I grew up on Italian food. Good Italian food. Between my parents’ home-cooked meals and the plethora of amazing restaurants in northern New Jersey area, I never had a shortage of it. Northeast Florida isn’t exactly ripe with good (or even decent) Italian, so I make a lot of my favorites at home.
The core of any good Italian meal is the sauce — if the sauce ain’t good, no point in eating it. And, newsflash, good sauce doesn’t come in a jar.
I got some basil in my Black Hog Farm order this week, so I decided to whip up some pesto for chicken cutlets. Since I had fresh basil and already had a lot of marinara sauce ingredients out, I figured why not get a pot cookin’ at the same time.
Let’s start with the marinara.
- 1 can, Tuttorosso crushed tomatoes
- Diced garlic (enough to spread across the bottom of the pot)
- Diced onion (again, enough to spread across the pot)
- Parmigiano Reggiano (no, that is not a typo for Parmesan. Get the good stuff, trust me)
- Pecorino Romano (preferably grated)
- Garlic powder
- Seasonings — parsley, oregano, dill, etc.
- Olive oil
I definitely recommend Tuttorosso if you can find it. Publix sells it here in Florida, though they don’t carry the blue can anymore (my favorite). You could crush your own tomatoes too, if you want, but that sounds like a pain.
Start off with simmering the garlic and onion in olive oil until they start to lightly brown (and smell amazing. Love. That. Smell.). Feel free to have a beer or glass of wine at this point too (as I clearly did). Once you get to the that sweet spot of cooked but not burnt, add in the crushed tomatoes.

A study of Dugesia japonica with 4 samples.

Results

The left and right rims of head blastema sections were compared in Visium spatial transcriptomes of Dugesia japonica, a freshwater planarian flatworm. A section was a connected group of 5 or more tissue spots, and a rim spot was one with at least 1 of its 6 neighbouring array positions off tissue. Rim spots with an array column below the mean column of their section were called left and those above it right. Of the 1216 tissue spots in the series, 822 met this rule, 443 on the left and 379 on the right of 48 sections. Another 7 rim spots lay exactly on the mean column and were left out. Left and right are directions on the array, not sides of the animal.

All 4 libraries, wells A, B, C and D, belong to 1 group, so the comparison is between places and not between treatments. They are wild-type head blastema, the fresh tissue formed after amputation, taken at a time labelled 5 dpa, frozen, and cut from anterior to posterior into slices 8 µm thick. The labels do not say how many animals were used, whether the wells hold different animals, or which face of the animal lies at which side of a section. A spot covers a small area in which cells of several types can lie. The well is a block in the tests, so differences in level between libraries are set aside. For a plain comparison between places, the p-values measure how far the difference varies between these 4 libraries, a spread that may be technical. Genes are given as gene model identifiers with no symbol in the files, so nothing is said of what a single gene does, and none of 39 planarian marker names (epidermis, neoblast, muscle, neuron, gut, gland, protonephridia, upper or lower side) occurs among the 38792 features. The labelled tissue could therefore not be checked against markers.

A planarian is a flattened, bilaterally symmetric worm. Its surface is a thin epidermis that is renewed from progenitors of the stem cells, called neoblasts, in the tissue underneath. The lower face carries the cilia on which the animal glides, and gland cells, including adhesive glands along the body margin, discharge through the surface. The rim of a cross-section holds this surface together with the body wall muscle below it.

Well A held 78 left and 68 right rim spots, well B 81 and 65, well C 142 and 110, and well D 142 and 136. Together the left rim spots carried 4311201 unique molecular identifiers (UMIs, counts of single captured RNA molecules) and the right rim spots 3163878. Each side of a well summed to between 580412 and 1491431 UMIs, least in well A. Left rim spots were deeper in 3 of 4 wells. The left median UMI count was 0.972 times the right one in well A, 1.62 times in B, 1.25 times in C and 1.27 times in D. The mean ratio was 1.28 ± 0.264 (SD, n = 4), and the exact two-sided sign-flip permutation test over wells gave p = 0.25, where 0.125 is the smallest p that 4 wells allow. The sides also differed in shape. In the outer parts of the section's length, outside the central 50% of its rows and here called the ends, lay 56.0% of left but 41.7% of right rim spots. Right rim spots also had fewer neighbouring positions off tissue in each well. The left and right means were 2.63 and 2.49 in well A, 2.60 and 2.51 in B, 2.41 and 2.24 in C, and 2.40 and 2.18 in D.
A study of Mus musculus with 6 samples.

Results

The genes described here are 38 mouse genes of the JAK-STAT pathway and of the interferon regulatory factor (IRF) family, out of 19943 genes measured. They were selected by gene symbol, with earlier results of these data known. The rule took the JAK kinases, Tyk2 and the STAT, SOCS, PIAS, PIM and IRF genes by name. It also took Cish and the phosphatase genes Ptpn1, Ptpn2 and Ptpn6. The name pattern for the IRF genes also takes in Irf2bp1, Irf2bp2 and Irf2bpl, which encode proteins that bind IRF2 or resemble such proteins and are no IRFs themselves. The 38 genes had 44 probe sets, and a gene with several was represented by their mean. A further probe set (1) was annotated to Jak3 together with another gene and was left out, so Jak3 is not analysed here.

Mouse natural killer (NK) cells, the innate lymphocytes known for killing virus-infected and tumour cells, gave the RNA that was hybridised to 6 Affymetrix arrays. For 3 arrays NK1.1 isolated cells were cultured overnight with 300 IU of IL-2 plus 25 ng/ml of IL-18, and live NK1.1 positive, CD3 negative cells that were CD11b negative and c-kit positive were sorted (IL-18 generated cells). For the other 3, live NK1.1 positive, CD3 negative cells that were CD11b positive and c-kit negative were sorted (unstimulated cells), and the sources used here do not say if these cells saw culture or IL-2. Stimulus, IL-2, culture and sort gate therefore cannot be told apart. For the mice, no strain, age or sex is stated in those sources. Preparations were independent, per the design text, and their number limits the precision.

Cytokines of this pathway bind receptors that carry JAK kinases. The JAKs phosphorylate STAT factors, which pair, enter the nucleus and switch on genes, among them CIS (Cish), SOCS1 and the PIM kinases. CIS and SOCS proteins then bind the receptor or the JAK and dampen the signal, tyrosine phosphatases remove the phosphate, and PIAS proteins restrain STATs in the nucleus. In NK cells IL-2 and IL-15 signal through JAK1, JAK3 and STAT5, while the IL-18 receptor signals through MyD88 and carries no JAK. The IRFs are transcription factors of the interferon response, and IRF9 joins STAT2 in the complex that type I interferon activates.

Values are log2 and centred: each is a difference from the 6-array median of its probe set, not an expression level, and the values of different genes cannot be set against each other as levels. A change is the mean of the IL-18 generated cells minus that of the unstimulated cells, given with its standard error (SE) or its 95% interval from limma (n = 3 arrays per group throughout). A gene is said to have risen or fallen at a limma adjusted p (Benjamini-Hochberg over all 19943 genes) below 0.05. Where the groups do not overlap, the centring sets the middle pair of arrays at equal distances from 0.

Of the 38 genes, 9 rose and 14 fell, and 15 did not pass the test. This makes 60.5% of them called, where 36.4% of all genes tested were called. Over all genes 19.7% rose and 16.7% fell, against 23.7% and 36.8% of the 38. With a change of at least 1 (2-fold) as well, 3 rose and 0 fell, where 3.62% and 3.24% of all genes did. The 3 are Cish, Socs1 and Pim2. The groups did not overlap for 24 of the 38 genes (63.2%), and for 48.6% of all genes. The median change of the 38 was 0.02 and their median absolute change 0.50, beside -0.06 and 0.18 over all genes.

Next, throw in a few handfuls of the grated romano, and grate a good amount of parmigiano in too. How much you put in is up to you, but I usually don’t go lightly. Once I mix that in, it’s spice time. Garlic powder, pepper, your typical Italian seasonings (I use Fresh Jax’s Italian seasoning mix) like basil, oregano, parsley, dill. Throw it all in and don’t be stingy. I had fresh basil so I threw some of that in too. Talk about a fragrant pot.
Let it cook on low for at least an hour or so if you use one can, three or so if you use two. Stir occasionally. Refrain from licking the spoon after stirring like I did, or you’ll burn the crap out of your mouth.
Now, onto the pesto.
- Plenty of basil leaves
- Parmigiano Reggiano
- A little bit of pecorino romano for good measure
- Extra virgin olive oil
- A few nuts (I used pistachios, pine nuts are more traditional)
Of course basil is the main ingredient here, and I was eager to use the fresh basil I got from Black Hog. Cheese is really the other main ingredient and what gives it that creamy texture. I put plenty of parmigiano in and a bit of romano (why not?). I threw in some EVOO (my favorite is Pompeian) and some pistachios. Typically pine nuts are used but I didn’t have any of those, so pistachios it was.
Blend it together in a food processor and you have an amazing sauce. I went a little heavy on the basil leaves so mine ended up more like a paste but it was still fabulous.
The chicken cutlets go a similar route as the rest of the recipes, only with breadcrumbs. Combine the breadcrumbs, the aforementioned cheeses and a bunch of seasoning and you have a fabulous coating. Cook up the cutlets and add in some sauteed broccoli and you have yourself a meal.
And, because nothing is complete without a random guest spot, here is my dog Miko staring at me from a few rooms away, hoping I might throw some cheese in her dog bowl. (I did.)